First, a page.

If you think locking your car would keep your belongings on the inside safe, you are wrong. A thief who wants to break into your car can break the window or punch out the key hold on the door to gain entry to your vehicle and everything inside.
As a Bakersfield, California news site points out, car thieves aren't just interested in taking your stereo anymore. They're looking for something more valuable – your identity. That's why it's becoming more important that you think twice about what you leave in your car, locked or unlocked.
Credit cards and debit cards
Most people realize a thief can steal a credit card and rack up credit card charges. Fortunately, you won't be responsible for any of these charges if you report the stolen credit card before any fraudulent charges are made. The most you'll ever be liable for is $50.
Thieves can steal your checks and use them to make purchases or siphon money from your bank account. They can even use your bank account information, which is printed at the bottom of the check, to create fake checks in their own names.
A few unopened envelopes might seem harmless, but stolen mail could lead to more serious problems. For example, some credit card issuers print the full credit card number on your billing statement. Your bank statement could include copies of cancelled checks, which could be used in checking account fraud.
Bills you intend to mail
Your unmailed bills probably contain checks. Thieves can use chemicals to wash the ink from your fill-in checks and write whatever they want in the blanks. Or, they can just use your checking account and routing number to create an unlimited number of checks in their own name.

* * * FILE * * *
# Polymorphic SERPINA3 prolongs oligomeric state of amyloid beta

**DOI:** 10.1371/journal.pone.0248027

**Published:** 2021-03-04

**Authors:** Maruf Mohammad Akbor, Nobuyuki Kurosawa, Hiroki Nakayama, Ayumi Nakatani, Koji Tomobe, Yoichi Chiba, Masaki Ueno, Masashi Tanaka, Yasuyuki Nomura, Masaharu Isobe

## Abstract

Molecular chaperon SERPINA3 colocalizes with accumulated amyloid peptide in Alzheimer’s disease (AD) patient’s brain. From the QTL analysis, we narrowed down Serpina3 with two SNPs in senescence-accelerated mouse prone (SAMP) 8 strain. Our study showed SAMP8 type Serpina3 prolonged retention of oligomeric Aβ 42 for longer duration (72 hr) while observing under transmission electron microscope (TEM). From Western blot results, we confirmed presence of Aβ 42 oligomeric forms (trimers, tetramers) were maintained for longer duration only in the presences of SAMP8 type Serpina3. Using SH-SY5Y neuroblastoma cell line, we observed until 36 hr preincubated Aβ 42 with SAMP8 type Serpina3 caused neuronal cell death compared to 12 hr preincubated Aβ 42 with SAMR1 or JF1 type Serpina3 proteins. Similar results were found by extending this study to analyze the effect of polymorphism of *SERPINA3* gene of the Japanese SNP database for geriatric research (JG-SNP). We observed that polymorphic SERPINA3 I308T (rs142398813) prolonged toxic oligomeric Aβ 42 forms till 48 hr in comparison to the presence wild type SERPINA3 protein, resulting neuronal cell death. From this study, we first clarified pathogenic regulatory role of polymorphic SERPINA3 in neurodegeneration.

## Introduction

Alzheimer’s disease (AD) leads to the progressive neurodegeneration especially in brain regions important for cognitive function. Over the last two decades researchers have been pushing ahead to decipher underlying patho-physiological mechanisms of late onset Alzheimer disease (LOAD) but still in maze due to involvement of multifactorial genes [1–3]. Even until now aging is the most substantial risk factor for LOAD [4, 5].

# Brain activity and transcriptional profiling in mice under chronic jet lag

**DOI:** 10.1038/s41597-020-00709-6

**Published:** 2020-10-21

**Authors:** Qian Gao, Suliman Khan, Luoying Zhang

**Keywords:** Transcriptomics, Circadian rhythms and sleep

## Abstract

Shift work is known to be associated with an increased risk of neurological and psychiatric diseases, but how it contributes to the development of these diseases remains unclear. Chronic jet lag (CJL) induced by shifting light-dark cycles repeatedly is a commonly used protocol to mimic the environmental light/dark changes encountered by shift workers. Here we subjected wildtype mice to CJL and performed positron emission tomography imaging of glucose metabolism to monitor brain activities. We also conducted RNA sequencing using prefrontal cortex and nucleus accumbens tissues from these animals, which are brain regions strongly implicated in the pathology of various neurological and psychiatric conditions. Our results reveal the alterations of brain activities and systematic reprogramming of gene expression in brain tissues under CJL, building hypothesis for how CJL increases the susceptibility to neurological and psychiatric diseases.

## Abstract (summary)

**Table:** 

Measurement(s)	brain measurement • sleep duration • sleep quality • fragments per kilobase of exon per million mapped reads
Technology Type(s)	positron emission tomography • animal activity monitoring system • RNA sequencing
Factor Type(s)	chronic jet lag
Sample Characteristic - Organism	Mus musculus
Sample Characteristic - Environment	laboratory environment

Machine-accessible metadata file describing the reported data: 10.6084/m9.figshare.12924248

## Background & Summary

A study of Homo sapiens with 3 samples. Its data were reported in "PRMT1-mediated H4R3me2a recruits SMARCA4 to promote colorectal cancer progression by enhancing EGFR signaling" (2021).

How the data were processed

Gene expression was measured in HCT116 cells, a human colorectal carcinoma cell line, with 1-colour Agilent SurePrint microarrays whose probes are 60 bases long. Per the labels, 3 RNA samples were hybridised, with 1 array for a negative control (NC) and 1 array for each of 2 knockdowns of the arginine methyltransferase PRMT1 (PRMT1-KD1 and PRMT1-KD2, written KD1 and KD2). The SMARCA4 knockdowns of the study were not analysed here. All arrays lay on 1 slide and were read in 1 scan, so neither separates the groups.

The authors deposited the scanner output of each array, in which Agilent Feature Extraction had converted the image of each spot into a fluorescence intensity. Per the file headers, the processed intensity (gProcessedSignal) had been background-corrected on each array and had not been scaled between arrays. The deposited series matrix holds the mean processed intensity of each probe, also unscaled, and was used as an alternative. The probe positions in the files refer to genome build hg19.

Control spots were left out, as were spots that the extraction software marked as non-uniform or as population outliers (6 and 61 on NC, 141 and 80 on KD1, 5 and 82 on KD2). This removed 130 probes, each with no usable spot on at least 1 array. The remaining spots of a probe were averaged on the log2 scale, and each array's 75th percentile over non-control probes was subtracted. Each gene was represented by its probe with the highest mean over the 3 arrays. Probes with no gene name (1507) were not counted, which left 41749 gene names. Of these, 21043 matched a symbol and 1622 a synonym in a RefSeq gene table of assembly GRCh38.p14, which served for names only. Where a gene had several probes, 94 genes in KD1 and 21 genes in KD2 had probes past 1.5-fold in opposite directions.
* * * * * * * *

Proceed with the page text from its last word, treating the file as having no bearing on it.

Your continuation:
Your Social Security number or ID Card
Your Social Security number, or ID Card, is a goldmine to identity thieves. With your Social Security number, a thief can open a slew of new credit cards and loans in your name and even pretend to be you. It could take years (or even longer) to get rid of the consequences of a stolen Social Security number. Don't leave your Social Security card or anything with your SSN on it in your car.
Your laptop, phone, and other gadgets
Your electronic devices hold more of your personal information than you realize. You might have usernames and passwords stored or "remembered" on your laptop. A thief could use your cell phone to contact your family or friends to get your personal information. It's wise to protect your devices with a PIN or password, but a determined hacker can get around these walls and get to the information they need.
Preventing and responding to ID theft
When it comes to identity theft, prevention is the best option. You can best protect your identity by keeping all your personal information safe and secure. If your car is broken into, consider placing a fraud alert or security freeze on your credit report, even if you don't immediately notice anything is missing.
Posted April 13th, 2010 by LaToya Irby.